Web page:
Foreign direct investment (“FDI”) regulation has featured increasingly on the radar for cross-border M&A, against a backdrop of amplified protectionist rhetoric.
Even before the COVID-19 pandemic, a number of countries which have traditionally been seen as open to foreign investment were moving towards stricter public interest and FDI scrutiny of transactions (such as the UK, USA and Australia).
Following the outbreak of the pandemic, this trend towards protectionism has only increased. In particular, governments have sought to move quickly to protect businesses (affected by the COVID-19 economic fall-out) from opportunistic acquisition by foreign buyers. Indeed, while there is still a degree of uncertainty and volatility in the global markets, there is nonetheless scope for such opportunistic acquisitions, perhaps especially by Chinese buyers (with the wider Asian region emerging sooner from the COVID-19 restrictions). Conversely, many businesses in Europe are still subject to stringent restrictions. Europe, therefore, may provide a more fertile ground for opportunistic takeovers of distressed targets by foreign investors. The rhetoric surrounding the introduction of the EU-level guidelines on FDI screening during the pandemic (as further explored below) is telling in this respect: on 25 March 2020 the European Commission urged EU Member States to be “particularly vigilant to avoid that the current health crisis does not result in a sell-off of Europe’s business and industrial actors”.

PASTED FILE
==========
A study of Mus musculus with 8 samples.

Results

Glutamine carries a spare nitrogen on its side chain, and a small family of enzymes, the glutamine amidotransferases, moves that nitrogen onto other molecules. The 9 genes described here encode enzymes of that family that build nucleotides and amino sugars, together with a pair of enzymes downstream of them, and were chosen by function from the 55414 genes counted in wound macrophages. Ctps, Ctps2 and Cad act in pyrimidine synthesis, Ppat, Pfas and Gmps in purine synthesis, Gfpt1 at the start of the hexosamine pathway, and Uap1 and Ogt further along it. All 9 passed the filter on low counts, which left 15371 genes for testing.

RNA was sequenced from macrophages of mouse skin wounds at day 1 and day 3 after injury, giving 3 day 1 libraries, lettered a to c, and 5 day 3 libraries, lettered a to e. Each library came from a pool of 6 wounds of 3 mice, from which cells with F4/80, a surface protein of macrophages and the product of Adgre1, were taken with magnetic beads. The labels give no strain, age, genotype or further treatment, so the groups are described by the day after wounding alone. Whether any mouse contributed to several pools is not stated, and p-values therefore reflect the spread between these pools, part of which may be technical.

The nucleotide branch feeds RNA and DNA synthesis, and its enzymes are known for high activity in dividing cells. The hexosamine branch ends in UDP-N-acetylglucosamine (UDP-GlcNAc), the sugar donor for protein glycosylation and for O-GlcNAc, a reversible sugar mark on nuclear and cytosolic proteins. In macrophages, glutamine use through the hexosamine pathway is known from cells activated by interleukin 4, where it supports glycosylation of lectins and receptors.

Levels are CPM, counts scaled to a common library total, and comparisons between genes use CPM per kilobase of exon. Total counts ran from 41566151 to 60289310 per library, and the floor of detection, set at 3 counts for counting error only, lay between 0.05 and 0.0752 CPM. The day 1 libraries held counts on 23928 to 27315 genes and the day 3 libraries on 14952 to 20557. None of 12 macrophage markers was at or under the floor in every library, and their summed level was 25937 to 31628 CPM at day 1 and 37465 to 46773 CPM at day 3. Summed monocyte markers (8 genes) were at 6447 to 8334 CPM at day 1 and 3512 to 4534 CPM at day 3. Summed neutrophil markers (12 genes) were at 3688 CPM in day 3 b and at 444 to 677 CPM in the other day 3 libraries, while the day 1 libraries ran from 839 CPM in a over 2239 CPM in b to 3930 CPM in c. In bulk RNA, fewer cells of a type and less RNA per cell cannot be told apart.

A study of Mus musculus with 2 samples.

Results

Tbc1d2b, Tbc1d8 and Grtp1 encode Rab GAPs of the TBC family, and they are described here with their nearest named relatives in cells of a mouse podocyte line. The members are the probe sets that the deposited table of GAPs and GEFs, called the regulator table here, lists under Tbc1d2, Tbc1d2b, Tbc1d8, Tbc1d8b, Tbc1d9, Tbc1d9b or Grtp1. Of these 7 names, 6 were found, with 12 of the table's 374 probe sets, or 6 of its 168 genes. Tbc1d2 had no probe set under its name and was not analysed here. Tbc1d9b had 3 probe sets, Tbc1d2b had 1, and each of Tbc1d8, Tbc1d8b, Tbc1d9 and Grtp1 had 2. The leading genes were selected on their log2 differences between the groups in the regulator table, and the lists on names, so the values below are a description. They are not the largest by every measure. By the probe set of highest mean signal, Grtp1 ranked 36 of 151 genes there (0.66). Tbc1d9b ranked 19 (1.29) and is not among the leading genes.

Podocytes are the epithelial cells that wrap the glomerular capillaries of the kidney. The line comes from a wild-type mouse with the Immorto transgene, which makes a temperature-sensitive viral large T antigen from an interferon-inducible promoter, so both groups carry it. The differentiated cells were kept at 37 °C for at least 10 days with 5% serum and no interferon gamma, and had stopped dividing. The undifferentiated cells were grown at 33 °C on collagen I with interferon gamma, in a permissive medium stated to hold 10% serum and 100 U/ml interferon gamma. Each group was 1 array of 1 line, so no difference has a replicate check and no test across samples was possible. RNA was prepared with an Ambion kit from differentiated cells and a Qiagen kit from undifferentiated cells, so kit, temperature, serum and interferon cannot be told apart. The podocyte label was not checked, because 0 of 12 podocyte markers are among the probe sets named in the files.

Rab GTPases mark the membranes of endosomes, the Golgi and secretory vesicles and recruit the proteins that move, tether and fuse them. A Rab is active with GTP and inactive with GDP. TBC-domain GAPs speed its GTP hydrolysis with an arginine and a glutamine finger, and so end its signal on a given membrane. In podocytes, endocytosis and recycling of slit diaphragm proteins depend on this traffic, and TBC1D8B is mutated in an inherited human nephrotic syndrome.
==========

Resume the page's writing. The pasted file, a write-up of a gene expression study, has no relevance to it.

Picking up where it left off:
European countries such as Spain, Italy and France have responded by making specific amendments to their FDI regimes to address these concerns such as lowering thresholds for review for certain/all foreign investors and/or expanding the list of sectors subject to review. However, these changes have not been limited to Europe, with Australia, Canada and India all imposing stricter restrictions on FDI to protect domestic targets from opportunistic takeovers. For more information, please click here to read our detailed briefing.